As a side note the feeders from Brushy Mountain need to be redesigned as they drown many bees where as the feeders from Dandant are much better in this respect. In fact they both need improvement... Too bad these companies don't experiment with their own products. I will contact both companies when time permits.
 

 

 


We sealed ours with CamCote food-grade epoxy-ester sealant from Brushy Mountain.

http://www.brushymountainbeefarm.com/Camcote-1qt/productinfo/615/

I was surprised how much residual odor was present after coating. I'd give it three weeks to cure before introducing it to the hives. That was the one good thing about our bees arriving late. But the bees took to the syrup quickly and are doing well, so I'm pretty sure it was not harmful, and the wood is holding up nicely.

The bee access area on ours was covered with stapled-down screen, that did not allow access for cleaning and did allow bees to get into the reservoir when empty. We pulled off the stapled screen and I bent up a custom piece that can be removed, blocks access to the the main reservoir, and also covers some vent holes I drilled at the front. It seems to work well. We've had three bees drown out of two hives, probably due to filling too fast and catching them at the bottom with a tidal wave of syrup. Fill s...l...o...w...l...y.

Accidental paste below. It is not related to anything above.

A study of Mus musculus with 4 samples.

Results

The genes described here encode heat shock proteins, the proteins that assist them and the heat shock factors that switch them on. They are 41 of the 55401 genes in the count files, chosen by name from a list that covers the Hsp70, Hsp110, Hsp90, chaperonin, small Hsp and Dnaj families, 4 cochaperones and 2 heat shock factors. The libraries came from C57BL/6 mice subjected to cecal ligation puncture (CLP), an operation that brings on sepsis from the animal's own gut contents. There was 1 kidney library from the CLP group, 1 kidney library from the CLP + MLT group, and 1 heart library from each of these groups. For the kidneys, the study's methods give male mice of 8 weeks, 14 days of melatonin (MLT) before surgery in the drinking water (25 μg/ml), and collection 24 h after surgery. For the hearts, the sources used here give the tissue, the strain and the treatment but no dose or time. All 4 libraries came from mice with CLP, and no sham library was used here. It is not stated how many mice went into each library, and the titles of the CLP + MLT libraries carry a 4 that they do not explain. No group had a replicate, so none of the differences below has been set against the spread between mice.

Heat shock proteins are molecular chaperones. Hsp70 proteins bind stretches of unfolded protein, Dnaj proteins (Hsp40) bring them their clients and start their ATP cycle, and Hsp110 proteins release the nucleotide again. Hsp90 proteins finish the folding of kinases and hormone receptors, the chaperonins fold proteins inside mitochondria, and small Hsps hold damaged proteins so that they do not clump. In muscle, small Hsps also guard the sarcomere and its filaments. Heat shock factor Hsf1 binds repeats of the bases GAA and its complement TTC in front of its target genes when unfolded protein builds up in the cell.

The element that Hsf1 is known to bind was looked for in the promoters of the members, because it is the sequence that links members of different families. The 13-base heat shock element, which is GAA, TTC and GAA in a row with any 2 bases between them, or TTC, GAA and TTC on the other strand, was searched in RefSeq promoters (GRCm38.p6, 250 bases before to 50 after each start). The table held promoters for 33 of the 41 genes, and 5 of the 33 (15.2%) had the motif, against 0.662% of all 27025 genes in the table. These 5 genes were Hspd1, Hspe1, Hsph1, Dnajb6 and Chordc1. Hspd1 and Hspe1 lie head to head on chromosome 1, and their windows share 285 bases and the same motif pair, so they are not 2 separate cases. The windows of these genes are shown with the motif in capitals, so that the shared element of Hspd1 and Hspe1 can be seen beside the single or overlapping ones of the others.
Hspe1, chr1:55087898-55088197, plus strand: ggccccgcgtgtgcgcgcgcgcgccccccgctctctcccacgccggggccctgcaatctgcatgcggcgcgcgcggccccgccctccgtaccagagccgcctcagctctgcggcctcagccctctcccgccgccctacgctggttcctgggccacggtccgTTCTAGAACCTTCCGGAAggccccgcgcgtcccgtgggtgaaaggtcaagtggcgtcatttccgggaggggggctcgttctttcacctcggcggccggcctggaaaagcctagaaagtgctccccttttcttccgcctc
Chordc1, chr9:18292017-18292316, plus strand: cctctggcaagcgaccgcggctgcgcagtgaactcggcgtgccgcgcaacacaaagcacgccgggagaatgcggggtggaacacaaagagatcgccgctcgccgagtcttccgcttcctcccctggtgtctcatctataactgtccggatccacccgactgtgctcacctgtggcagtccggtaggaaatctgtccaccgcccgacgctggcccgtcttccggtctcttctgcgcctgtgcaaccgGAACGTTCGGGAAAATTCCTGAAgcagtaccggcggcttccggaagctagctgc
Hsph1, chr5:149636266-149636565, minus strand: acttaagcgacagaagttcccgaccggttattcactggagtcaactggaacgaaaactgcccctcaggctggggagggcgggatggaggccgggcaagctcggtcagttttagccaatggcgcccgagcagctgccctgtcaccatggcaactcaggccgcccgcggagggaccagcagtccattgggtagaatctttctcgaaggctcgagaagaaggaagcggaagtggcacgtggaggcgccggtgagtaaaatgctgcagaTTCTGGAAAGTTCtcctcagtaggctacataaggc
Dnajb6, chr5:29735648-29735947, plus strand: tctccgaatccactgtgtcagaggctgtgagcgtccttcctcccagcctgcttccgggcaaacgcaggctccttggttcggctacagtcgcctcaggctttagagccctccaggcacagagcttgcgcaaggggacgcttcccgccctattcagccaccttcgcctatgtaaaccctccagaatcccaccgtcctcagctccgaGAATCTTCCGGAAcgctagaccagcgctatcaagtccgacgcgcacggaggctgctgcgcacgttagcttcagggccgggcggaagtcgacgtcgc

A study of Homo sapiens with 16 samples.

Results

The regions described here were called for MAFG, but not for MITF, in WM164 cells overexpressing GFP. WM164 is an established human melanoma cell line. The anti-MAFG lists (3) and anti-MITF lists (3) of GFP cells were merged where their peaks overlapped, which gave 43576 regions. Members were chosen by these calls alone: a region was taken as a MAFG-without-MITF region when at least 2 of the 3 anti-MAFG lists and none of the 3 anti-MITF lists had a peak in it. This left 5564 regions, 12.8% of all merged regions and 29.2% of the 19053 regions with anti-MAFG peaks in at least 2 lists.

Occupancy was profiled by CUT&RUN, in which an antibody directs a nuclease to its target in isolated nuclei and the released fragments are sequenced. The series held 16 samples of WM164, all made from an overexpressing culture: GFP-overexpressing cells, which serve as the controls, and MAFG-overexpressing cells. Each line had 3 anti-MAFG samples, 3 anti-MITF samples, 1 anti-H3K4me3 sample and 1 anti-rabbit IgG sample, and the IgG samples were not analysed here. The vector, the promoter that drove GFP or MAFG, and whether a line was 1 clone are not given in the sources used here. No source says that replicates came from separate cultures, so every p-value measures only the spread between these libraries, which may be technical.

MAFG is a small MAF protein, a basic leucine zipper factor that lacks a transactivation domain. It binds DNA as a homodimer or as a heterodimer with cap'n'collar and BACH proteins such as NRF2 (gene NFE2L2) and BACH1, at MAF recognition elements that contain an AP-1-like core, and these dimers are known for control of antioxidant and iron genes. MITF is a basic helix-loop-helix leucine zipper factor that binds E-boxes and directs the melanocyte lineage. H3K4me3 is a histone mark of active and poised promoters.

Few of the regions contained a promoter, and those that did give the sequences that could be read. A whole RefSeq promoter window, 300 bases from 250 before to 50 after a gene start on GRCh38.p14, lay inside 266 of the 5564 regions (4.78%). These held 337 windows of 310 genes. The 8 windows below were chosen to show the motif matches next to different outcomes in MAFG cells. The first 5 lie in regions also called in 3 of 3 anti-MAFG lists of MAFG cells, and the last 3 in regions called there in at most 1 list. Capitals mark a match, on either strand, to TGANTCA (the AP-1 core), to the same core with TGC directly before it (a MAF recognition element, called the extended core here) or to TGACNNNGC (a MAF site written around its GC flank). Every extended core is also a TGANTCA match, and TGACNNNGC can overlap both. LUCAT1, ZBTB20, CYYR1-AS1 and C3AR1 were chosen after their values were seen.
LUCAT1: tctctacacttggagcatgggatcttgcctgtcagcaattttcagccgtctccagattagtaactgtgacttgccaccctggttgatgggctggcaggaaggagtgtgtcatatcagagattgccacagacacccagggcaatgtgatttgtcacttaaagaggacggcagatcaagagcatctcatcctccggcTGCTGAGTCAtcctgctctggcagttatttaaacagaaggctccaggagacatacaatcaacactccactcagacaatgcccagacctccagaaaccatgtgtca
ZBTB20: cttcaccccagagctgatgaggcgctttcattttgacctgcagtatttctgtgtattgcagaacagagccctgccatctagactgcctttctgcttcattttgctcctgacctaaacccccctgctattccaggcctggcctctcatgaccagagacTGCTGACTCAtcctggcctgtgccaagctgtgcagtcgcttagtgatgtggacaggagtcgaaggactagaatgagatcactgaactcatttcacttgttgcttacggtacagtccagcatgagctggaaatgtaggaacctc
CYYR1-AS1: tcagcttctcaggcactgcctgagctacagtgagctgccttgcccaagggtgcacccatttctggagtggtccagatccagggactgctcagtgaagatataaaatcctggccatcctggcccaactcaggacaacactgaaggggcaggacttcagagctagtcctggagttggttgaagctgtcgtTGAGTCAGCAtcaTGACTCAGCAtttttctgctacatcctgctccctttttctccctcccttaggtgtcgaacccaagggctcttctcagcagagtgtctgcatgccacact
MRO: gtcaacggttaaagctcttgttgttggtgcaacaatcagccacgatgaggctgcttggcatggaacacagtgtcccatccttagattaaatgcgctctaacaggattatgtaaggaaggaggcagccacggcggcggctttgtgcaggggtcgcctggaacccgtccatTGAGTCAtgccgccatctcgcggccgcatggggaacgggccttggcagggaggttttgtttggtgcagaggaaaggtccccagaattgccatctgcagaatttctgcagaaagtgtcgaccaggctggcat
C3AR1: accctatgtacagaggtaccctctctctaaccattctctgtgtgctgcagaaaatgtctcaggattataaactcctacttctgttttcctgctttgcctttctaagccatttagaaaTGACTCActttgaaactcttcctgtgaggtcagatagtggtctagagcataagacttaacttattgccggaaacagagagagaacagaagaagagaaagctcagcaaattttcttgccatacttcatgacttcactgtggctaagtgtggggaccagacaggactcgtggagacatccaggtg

Throw in a handful or two of straw or whatever, and you will fix your drowning problem.

If it's getting moldy, you might be using too much, letting it sit too long, or using too thin mixture of syrup. Try using 5:3, which is what I use year round. I have never had it mold on me.
 


View attachment 11213

Very few if any drown bees and you don't have to worry about leaks either.
I use these myself. look on Youtube for FATBEEMAN no leak feeder. The bees use a chute and ladder to access the syrup and i havent had one drown. When ya open it up, all the bees are enclosed so they're not flying up in your face or getting into the syrup while your trying to refill.